NBA union head will go on offensive in Houston
by Jeff Zillgitt, USA TODAY Sports
With his future as the National Basketball Players Association’s executive director potentially at stake at All-Star Weekend in Houston, Billy Hunter will go on the offensive over the next few days, trying to save his job.
Hunter needs to convince players that the information detailed in the independent report conducted by a New York law firm is not damaging enough to remove him from his position and/or prove that the information in the report is incorrect or misleading. The report contained information that had dozens of interviews and reviewed financial records and e-mails that showed, among other things, that Hunter had hired family members and companies that employed family members, and that he knew his more than $3million contract had not been properly approved.
Today, Hunter and his lawyers will release their report, defending Hunter’s record and refuting some findings released in the independent review. The report will address charges of nepotism and questions about his contract.
One of Hunter’s attorneys, Corey Worcester of the law firm Quinn Emanuel Urquhart & Sullivan, told USA TODAY Sports that Hunter did not do anything wrong according to union bylaws.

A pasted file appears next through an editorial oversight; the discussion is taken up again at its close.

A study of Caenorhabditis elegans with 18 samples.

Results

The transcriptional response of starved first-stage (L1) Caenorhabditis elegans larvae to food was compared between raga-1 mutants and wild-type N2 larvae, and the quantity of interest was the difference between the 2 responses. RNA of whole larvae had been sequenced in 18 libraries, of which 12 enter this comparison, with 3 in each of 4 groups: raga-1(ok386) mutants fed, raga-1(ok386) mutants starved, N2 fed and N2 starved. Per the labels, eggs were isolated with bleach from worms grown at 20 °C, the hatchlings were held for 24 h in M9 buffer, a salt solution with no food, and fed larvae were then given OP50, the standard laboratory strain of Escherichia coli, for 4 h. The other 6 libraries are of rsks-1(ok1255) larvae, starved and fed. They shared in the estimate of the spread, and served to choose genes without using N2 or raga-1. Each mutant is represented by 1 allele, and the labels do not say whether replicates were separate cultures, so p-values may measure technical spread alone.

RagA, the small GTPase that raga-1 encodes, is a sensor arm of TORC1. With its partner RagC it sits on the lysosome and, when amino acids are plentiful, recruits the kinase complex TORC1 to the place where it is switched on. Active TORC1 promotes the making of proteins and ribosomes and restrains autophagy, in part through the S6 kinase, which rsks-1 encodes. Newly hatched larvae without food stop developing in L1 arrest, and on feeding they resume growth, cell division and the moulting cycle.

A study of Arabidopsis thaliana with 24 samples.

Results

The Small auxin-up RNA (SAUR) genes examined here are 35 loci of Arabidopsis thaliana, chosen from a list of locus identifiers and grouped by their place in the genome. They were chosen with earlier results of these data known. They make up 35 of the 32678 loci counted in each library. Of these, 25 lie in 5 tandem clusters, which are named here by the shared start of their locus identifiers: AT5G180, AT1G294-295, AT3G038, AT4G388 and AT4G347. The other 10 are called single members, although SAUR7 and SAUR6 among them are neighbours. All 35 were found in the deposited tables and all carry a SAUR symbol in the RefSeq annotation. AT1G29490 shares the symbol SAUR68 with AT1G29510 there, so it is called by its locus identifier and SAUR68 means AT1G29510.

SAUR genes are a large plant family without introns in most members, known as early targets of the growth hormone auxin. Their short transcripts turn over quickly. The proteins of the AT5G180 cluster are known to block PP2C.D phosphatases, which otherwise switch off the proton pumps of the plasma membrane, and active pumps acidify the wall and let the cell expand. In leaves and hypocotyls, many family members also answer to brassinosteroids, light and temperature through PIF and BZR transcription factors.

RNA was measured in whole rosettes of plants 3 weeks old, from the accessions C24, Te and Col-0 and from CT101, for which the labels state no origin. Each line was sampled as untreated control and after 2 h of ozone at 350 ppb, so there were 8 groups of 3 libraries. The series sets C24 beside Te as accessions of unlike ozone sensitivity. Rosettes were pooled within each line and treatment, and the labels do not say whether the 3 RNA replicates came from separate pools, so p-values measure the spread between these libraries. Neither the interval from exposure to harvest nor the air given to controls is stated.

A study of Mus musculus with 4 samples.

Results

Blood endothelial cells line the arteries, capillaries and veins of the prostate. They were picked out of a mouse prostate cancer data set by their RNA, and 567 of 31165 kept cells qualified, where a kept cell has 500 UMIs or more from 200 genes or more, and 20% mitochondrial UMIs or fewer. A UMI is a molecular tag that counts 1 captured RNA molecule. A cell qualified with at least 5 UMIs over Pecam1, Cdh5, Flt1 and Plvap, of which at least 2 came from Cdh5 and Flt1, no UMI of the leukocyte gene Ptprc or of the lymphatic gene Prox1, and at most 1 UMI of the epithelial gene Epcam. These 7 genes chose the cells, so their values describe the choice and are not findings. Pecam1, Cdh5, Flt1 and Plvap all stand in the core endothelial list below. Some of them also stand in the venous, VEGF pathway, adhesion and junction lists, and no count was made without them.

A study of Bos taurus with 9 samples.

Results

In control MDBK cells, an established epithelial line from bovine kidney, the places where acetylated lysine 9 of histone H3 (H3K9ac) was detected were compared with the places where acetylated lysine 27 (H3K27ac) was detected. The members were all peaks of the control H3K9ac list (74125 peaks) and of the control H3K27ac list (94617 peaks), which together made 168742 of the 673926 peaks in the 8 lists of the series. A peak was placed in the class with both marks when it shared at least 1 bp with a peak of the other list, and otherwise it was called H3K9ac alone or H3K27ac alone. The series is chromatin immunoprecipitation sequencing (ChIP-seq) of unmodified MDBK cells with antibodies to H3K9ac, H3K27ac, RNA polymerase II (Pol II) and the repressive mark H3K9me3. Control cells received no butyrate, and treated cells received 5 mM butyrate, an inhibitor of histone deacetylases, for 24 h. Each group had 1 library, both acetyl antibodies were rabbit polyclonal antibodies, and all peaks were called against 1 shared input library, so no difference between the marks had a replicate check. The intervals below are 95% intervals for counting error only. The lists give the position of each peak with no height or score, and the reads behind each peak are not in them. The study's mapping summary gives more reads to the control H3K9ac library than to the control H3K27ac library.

“There’s no there there,” Worcester said. “This is an effort to make zero plus zero plus zero equal one.”
Players will meet this weekend to discuss Hunter’s future and perhaps vote to determine whether they’ll part ways with Hunter, who was placed on administrative leave of absence by NBPA committee Feb.1.
If the players want to fire Hunter, they need a majority vote from the executive committee. They can fire him with cause or without cause. With cause means “embezzlement, theft, larceny, material fraud or other acts of dishonesty,” according to Hunter’s contract. If they fire him with cause, the union would need to pay Hunter for the remainder of the year and for any accrued or unused vacation.
If they fire him without cause, they would need to pay Hunter the full remainder of his contract. It’s unlikely the players would choose to go that route.
Toledo College of Law professor and sports law expert Geoffrey Rapp said the union would likely look at the “acts of dishonesty” phrase because … [For more on NBA union head will go on offensive in Houston, click here.]